To understand how life emerged, scientists investigate the chemistry of carbon and water. In the case of water, they track the various forms, or isotopes, of its constituent hydrogen and oxygen atoms over the history of the universe, like a giant treasure hunt.
Researchers from the CNRS, Paris-Saclay University, the French Alternative Energies and Atomic Energy Commission (CEA), and the University of Pau and the Pays de l’Adour (UPPA), with support from the Muséum National d’Histoire Naturelle (MNHN), have followed the trail of the isotopic composition of water back to the start of the solar system, in the inner regions where Earth and the other terrestrial planets were formed.
They did this by analyzing one of the oldest meteorites of our solar system, using an innovative method developed just for their study. Their data show that two gas reservoirs existed during the first 200,000 years of our solar system, even before the formation of the earliest planetary embryos.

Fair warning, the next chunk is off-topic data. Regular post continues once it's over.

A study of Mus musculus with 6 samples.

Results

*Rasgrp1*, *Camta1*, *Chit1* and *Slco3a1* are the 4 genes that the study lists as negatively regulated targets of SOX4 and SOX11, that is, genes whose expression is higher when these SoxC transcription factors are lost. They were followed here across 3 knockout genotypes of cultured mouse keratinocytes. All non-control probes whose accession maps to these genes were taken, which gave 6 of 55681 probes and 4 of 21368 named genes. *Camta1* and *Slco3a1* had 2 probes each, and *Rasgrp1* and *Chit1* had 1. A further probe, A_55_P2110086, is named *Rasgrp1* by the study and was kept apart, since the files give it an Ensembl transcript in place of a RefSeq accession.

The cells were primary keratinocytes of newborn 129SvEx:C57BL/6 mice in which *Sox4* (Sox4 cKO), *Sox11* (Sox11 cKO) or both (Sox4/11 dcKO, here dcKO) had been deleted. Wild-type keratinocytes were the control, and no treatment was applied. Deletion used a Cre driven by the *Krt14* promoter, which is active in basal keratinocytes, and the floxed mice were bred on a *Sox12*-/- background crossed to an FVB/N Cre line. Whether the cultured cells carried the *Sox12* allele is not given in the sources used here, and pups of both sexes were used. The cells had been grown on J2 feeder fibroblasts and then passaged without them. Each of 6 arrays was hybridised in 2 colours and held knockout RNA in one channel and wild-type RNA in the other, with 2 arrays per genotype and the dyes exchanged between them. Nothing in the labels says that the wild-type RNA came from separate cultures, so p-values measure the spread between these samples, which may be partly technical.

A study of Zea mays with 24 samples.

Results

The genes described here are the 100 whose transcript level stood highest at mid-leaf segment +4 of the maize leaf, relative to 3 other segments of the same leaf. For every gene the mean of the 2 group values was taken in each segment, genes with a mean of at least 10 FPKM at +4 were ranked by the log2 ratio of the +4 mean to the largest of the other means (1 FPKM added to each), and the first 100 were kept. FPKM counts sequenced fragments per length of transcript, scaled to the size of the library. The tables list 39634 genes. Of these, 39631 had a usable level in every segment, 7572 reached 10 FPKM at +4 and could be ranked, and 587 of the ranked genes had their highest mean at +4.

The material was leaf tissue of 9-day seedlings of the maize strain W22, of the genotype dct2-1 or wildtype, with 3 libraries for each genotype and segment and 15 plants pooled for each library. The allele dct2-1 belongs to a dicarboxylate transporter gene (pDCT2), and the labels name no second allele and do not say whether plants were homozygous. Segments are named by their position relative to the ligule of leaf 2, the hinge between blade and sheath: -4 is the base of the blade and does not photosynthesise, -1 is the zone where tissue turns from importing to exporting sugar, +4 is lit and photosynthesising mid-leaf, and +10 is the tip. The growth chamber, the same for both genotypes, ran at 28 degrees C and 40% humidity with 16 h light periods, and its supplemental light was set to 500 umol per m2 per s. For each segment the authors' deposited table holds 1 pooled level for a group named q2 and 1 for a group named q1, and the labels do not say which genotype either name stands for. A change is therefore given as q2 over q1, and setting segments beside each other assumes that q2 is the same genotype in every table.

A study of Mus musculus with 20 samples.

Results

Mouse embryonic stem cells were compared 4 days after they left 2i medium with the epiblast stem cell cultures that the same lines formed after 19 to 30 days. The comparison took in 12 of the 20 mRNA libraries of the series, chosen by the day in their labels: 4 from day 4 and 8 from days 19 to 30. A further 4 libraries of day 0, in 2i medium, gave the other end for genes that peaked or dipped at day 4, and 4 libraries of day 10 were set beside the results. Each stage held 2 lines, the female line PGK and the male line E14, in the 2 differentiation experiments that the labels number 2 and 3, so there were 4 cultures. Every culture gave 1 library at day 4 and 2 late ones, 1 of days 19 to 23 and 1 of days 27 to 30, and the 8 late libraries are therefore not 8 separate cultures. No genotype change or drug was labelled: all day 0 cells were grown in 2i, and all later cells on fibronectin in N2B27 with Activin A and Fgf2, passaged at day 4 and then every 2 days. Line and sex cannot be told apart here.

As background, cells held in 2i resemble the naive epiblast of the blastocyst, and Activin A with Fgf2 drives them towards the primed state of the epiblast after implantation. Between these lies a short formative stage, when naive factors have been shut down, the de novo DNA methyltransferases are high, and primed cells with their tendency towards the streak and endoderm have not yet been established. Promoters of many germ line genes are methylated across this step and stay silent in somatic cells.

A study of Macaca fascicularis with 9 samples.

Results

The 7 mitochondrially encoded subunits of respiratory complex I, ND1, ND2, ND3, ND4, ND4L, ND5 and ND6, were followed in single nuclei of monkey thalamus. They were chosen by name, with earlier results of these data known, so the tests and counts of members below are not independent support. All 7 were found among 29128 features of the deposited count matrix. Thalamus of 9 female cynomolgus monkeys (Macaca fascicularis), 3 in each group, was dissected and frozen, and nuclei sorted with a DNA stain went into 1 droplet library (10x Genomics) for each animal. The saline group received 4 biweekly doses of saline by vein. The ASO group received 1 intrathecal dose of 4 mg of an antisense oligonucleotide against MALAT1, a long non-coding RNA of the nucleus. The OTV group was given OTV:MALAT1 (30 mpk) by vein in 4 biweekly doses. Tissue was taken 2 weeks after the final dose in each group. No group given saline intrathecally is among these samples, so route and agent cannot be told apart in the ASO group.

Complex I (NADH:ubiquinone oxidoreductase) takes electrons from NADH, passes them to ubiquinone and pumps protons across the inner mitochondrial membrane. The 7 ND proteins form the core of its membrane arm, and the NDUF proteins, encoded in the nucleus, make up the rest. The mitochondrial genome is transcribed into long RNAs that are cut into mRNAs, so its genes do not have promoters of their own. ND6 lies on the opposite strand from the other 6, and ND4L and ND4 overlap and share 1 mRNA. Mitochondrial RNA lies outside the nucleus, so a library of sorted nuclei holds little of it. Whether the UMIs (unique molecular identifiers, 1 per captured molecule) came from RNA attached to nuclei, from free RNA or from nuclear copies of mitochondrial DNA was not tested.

One of these reservoirs consisted of the solar gas in which all the matter of our solar system originated. With the meteorite, the scientists were able to measure its record directly for the first time ever. The second gas reservoir was enriched in water vapor and already had the isotopic signature of terrestrial water.
It was created by a massive influx of interstellar water in the hot internal regions of the solar system, upon the collapse of the interstellar envelope and the formation of the protoplanetary disc. The early existence of this gas with Earth-like isotopic composition implies that Earth’s water was there before the accretion of the first constituent blocks of our planet. These findings are published in Nature Astronomy.